August 24, 2012|By Mark Medina
  • TNT NBA analyst Kenny Smith, left, with Charles Barkley, says the Lakers still don't have enough to beat the Miami Heat in the NBA Finals.
TNT NBA analyst Kenny Smith, left, with Charles Barkley, says the Lakers… (TNT )

To tackle some questions regarding the Lakers' 2012-13 season, I talked with TNT NBA analyst Kenny Smith, who has been recently promoting the video game, NBA Baller Beats. This is the first in a two-part interview with Smith.

The Lakers' off-season signings have been huge with the acquisitions of Dwight Howard and Steve Nash, the signings of Antawn Jamison and Jodie Meeks and the re-signing Jordan Hill and Devin Ebanks. With these moves, how do the Lakers stand relative to the rest of the league? They won't win a game (laughs). Arguably, they have four guys who are at the top 5 of their position. Any time you can put that kind of talent together, basketball being a game of mistakes, is it eliminates mistakes. Even as great as Oklahoma City has been, the Lakers probably have an advantage. They're veteran guys. They aren't guys who are being thrown together and being in an intense situation for the first time.

Mitch Kupchak has done a great job in bringing together talent. It's probably the most talented team in the West. Whether that's enough for a championship? We don't know. But this is the most talented team in the West. Last year, they weren't.

How will the Lakers fare against Miami? I never compare much East to West, because you have to get all the way to there. But I think Miami has three guys who are the  top five in their position. I don't think they're nervous about what happened with the Lakers. They kept an eye on it for sure. But they have a better chance and have done it now. I would say Miami is still the team to beat.

What challenges do the Lakers face in winning a title? Injuries. They're older. They're great players, but they're not the Miami Heat, where those guys are in the middle of their prime. These guys are at the end of their prime, with the exception of Dwight Howard. But all of these guys have plateaued.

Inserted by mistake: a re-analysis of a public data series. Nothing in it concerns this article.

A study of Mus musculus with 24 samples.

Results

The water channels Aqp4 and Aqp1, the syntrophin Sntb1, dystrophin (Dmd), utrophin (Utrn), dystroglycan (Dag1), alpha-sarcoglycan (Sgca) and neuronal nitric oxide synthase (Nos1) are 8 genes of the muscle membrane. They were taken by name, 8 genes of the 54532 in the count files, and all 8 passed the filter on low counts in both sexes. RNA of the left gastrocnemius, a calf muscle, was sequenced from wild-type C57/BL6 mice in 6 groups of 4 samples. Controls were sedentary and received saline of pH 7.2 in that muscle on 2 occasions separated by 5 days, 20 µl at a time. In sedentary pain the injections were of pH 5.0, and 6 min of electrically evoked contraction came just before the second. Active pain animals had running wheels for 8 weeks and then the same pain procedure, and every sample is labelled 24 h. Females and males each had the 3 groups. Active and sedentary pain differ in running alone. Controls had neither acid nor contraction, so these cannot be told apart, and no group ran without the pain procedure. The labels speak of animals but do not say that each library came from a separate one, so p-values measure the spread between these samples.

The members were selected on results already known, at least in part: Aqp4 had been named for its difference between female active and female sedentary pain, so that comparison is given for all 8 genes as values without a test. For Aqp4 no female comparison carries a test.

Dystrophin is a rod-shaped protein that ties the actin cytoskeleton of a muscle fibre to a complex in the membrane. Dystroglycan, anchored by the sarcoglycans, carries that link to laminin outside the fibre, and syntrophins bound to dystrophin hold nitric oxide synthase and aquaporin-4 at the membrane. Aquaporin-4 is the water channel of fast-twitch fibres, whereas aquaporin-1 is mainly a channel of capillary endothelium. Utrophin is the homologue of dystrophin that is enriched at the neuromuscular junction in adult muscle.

That veteran experience that you cited, where does that give the Lakers an advantage in how they'll execute against the Thunder? Steve Nash is a guy who makes shots easier. This is the first time Kobe doesn't have to play as a point guard. He'll get to play as a shooting guard. His responsibility his entire career has involved handling the basketball too much. I don't think anyone on a consistent basis got him easy shots. This is the first time they'll actually run pick and roll. When the Lakers run pick and roll, it was with Kobe Bryant. This will be the first time they can say, 'Kobe, go on the other side of the floor and not be part of it' on a consistent basis.

With the talent the Lakers have, how do they make sure as a unit they're the most efficient? That's Steve Nash's job, which has been his job his whole career. The point guard's job is to make sure everything runs smoothly and that the ball is distributed throughout the team to the right people at the right times. That's why he's a two-time MVP. It's not because of his great athleticism. It's not because of his great shooting abilities. It's because of his great understanding on how to get everyone involved. That's why he's often led the league in assists. To me, Mike Brown has an easy job because he has a guy who already knows how to manage that.

Mike obviously was dealt a tough hand last year with a limited training camp, dealing with new players and being new. How would you compare that to this year's challenge in having to manage such a high level of talent? He was replacing Phil Jackson with Phil Jackson's team. No one is going to look at this team as a Phil Jackson team. Mike had to run the triangle offense at times because those guys would go to it instinctively. Dwight Howard has never run the triangle. Steve Nash never ran a triangle offense. Jamison and Meeks have never run a triangle offense. So Mike has a team that doesn't fall on the crutch of Phil Jackson.

I don't think training camp [last year] was an issue. I think the personnel was. If he had this personnel last year and didn't have a training camp, he wouldn't have been complaining. He can implement the system he wants in these guys' heads and they don't already have something in their mind that works and won championships for them.

With Howard, how does he go about having a championship mind-set, rehabbing the reputation he had with Orlando and dealing with the possibility he won't be the No. 1 option? I do think he's the No. 1 option. I don't think he has to change anything. I'm from the school of thought that great players don't change what they do. You implement what they do. Guys who can't play, you have to create a system for them and opportunities for them. Guys with great players, they are the system (laughs). Dwight Howard commands a double team. So now there is an offense once they get double teamed. What are they going to do?